While Myanmar is new to the tourist scene, there is a definite tourist trail that has appeared. Getting off that tourist trail is easy enough, and Monywa is a good place to start. It is well worth a visit, and can be enjoyed in the small timeframe of two days.
Monywa is a small rural city residing conveniently between Mandalay and Bagan. It draws the attention of foreigners on rare occasions for its unique and often disorienting displays of Buddha. It has two special places that will certainly raise your eyebrows: the Thanbodday Pagoda with its half a million Buddha images and Bodhi Tataung, which is home to two giant Buddhas, one standing at 116-metre (424ft) and one reclining at 95 metres (312ft).
Getting to Monywa is relatively easy and cheap. In the high season, you can catch a slow boat from Mandalay, which provides some beautiful scenery. I was travelling in the low season, and that limits you to a minivan all the way. The cheap fare provides a fairly comfortable, if not bonding journey with your fellow passengers. In my case the gentleman in the seat adjacent just couldn’t stay awake long enough to sit upright and like to use my shoulder as a pillow. But aside from that, the journey was enjoyable.
At the city’s bus station it is always a pleasurable chaos. However, add in a monsoon rain and it becomes chaos on steroids. We managed to secure a Tuk Tuk to take us to our hotel. In hindsight, paying the extra to have rain cover would’ve been a better option. Driving down the road, through newly formed road rivers and having cars spray water on you and your luggage as they drive by was not pleasant. But i was not the worst off on the road. Travelling behind the Tuk Tuk were a number of motorcycles doing their best to evade the raindrops. It was futile though. We all looked like drowned rats.
After checking in to my hotel (there are no hostels in the town yet), and drying off, I spoke to the reception to see how best to get around.
One thing you have to be understanding of is Monywa is not the touristic hotspot yet. Only a few travelers visit the town, and only sporadically. With this you get the benefit of having an authentic Myanmar experience, but the downside is that it does not have the tourist facilities that a place like Bagan offers. But finding your way around is pretty easy, and the people are happy to help you. We negotiated with a Tuk Tuk to hire him for the day, to take us to the main attractions.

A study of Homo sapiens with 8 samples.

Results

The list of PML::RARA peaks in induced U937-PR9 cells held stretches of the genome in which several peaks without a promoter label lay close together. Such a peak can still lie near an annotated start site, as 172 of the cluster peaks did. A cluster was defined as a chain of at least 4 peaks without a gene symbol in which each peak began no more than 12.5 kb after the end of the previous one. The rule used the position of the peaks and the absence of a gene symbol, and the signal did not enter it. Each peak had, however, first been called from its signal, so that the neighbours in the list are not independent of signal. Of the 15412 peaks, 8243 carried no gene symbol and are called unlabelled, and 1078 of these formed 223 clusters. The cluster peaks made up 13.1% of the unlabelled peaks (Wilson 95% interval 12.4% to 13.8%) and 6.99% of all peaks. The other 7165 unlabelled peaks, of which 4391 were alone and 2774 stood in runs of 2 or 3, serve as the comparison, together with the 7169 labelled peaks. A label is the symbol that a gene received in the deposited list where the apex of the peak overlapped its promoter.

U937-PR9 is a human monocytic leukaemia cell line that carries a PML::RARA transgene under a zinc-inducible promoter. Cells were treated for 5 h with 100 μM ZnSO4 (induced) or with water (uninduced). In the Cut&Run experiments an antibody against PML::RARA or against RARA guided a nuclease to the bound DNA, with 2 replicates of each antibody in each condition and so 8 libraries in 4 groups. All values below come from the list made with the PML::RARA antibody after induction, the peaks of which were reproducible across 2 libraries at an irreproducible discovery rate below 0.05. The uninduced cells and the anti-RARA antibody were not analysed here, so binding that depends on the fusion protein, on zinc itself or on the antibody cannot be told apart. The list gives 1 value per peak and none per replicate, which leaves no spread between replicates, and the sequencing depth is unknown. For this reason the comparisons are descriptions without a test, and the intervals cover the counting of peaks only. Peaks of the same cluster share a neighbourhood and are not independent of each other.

Our first stop was the flamboyant and disorienting, Thanbodday Pagoda. This pagoda is famous for the some 500,000 images of Buddha that adorn the walls. Buddhas of all shapes and sizes. From some as big as your palm to towering statues that leave you feeling smaller than a mouse. While the Pagoda is fairly new, built in 1939, the design is so different to many of the traditional pagodas that we had already seen. Every inch of the structure, exterior as well as interior, is covered with Buddha images. It’s design is both dramatic and surreal at times. It was a real pleasure to experience.
Maha Bodhi Tataung
Maha Bodhi Tataung, roughly translated to 1000 Bodhi trees, is a relatively recent constructed monastery. Residing within it, is two (technically three) giant Buddha statues, one reclining, one standing and one sitting (still under construction). This place is enjoyable, though a little perplexing because it is a little way out of town, so you can’t help but wonder, ‘why did they build these giant statues in the middle of nowhere?’
Putting that aside, the two accessible statues are hollow and contain colourful frescos that depict scenes of punishment from Buddhist hell. It is a little disturbing to look at. However in the standing Buddha you can also climb halfway to a viewing platform to see a nice panoramic of the area.
Looking at the rural landscape I was instantly reminded of Australia in late summer when the grass turns yellow and the ground emits a heat like the surface of the sun. Yep...while it was raining earlier, now the heat was making everything look like a Dali painting.
We jumped in our Tuk Tuk and headed down the road to the home of the monastery’s namesake. A large area containing 1000 bodhi trees, and beneath each tree, a statue of a Buddha. Each with a different face and pose. Walking around in the shade of these trees was also a great relief.
Each of these sites was interesting and definitely worthy of a photo or two.
Myanmar offers so many great places where Monywa most of the time is being skipped in preference of Mandalay, Kalaw and Bagan. I loved my time here, however brief it was. Monywa is defnitely worth a visit if you have enough time to spend in Myanmar.